How urgent is urgent? The matrix that considers urgency against importance can help.
If we plot urgency against importance of any situation in a quadrant, the bottom left box is for situations that are neither urgent or important and can be relegated to the back burner or better the waste paper basket.
Then we have the urgent but not important. This is usually the one that engenders “upward delegation” to the leader at whatever level. The best way to get the monkey off one’s back is to pass it on to someone else.
However when it is upward there are two very significant pieces of evidence in terms of the competence of the leader.
Firstly it implies that whoever is delegating a situation upwards is reluctant to make a decision on even matter of little importance and even worse the leader accepts the situation.
Implicit in that is a tendency to a controlled environment with decision making exclusively top down and that means, as Steve Jobs would have said, there will be a preponderance of B-players in the business.
Great leaders recognise that it is far preferable to ensure that only the best people are either promoted or recruited and then trusted to make decisions and get on with it without being controlled.
That takes a leap of faith on the part of the leader simply because he/she can feel isolated. The best way to get over that feeling is to set up regular one-to-one meetings with the top team to assess performance of the business and to discuss what options are available.
In the end the buck stops with the leader but the day-to-day responsibilities lie with the team and they must be given the freedom to do their jobs.
The top right box is for the urgent and important situation and that is one that should, in general, be delegated to the team. Sure there will be situations where the leader has to be involved but just assess the level of importance and then decide.
There has been some remarkable work done on the theory of decision making especially in using psychological methods in making decisions in economics and Dr Daniel Kahneman was awarded a Nobel prize in 2002 for his work in this field.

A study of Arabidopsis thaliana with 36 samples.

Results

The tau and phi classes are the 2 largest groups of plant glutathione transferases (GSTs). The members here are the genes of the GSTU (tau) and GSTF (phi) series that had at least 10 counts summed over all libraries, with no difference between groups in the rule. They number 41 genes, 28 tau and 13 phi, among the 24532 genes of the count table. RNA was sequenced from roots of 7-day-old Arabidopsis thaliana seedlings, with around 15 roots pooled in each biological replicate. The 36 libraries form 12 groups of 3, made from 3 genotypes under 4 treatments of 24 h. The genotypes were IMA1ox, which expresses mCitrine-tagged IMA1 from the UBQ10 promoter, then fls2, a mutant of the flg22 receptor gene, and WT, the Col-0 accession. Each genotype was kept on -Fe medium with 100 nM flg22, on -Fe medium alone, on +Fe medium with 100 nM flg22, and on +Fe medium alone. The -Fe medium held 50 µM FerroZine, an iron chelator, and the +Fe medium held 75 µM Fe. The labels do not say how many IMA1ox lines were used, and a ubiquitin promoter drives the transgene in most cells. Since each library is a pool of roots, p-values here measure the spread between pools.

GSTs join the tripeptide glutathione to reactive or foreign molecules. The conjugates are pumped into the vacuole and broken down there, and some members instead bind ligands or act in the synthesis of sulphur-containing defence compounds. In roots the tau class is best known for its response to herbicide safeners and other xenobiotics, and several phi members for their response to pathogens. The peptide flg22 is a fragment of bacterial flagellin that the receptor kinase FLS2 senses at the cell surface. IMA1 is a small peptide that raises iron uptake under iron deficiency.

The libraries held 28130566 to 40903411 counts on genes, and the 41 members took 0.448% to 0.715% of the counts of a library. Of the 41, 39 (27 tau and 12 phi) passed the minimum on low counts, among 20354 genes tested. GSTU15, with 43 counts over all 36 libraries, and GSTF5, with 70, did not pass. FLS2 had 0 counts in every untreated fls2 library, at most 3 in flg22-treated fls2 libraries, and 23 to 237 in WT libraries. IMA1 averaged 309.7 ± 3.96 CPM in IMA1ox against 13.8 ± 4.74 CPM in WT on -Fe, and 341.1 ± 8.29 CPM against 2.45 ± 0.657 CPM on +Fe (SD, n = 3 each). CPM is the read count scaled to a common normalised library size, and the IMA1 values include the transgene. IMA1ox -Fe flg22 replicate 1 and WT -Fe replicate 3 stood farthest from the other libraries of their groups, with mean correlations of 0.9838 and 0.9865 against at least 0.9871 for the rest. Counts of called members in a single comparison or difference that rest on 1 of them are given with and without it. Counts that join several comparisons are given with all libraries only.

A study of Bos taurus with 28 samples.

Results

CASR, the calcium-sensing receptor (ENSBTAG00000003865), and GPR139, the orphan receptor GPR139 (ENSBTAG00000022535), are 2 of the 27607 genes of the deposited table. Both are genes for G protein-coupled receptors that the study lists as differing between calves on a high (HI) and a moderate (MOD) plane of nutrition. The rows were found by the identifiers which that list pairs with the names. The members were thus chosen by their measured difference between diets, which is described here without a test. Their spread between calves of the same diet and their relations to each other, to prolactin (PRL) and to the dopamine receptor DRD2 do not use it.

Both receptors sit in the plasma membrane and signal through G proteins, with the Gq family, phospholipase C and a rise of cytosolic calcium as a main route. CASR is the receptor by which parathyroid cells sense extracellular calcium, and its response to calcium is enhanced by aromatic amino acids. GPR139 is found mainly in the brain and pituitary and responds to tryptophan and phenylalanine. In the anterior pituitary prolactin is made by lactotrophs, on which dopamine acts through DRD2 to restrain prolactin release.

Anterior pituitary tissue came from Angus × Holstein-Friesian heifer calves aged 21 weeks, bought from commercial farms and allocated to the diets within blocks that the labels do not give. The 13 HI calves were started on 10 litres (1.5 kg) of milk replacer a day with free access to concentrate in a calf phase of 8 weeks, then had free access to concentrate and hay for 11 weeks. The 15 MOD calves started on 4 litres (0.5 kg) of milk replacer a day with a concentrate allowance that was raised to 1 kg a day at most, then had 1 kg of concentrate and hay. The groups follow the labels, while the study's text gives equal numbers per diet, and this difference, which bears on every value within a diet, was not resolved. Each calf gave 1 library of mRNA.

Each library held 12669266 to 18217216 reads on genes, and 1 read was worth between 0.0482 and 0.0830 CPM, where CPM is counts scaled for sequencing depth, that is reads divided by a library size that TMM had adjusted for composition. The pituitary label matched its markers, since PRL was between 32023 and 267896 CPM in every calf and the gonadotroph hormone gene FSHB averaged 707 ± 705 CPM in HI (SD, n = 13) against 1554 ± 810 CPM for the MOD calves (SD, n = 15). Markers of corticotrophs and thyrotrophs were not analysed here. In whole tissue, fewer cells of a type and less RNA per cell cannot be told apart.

His colleague Dr Amos Tversky who died in 1996 was famously indifferent to apparent urgency (of anything, let it be said) and he coined a great opinion:
“The great thing about urgency is that if you wait long enough the urgency goes away”.
In general urgency is thrust upon us by someone else. Think about it. It is usually THEIR urgency and needs to be considered in that light.
So where does the leader come into this scenario?
There is one box left in the quadrant and that is Important but Not Urgent and that is the province of the leader. It implies time for considered thought, testing of any decision against the evidence and preferably from a sufficiently large sample, and then to make any decision.
All of this defines great leadership, the ability to promote or recruit great people and trust them, to delegate as far as possible and to devise a no-blame culture where people can feel safe to take considered risks.
Most importantly, leaders needs to take time out to think about what is important for the future of the business and then make considered and evidence-based decisions.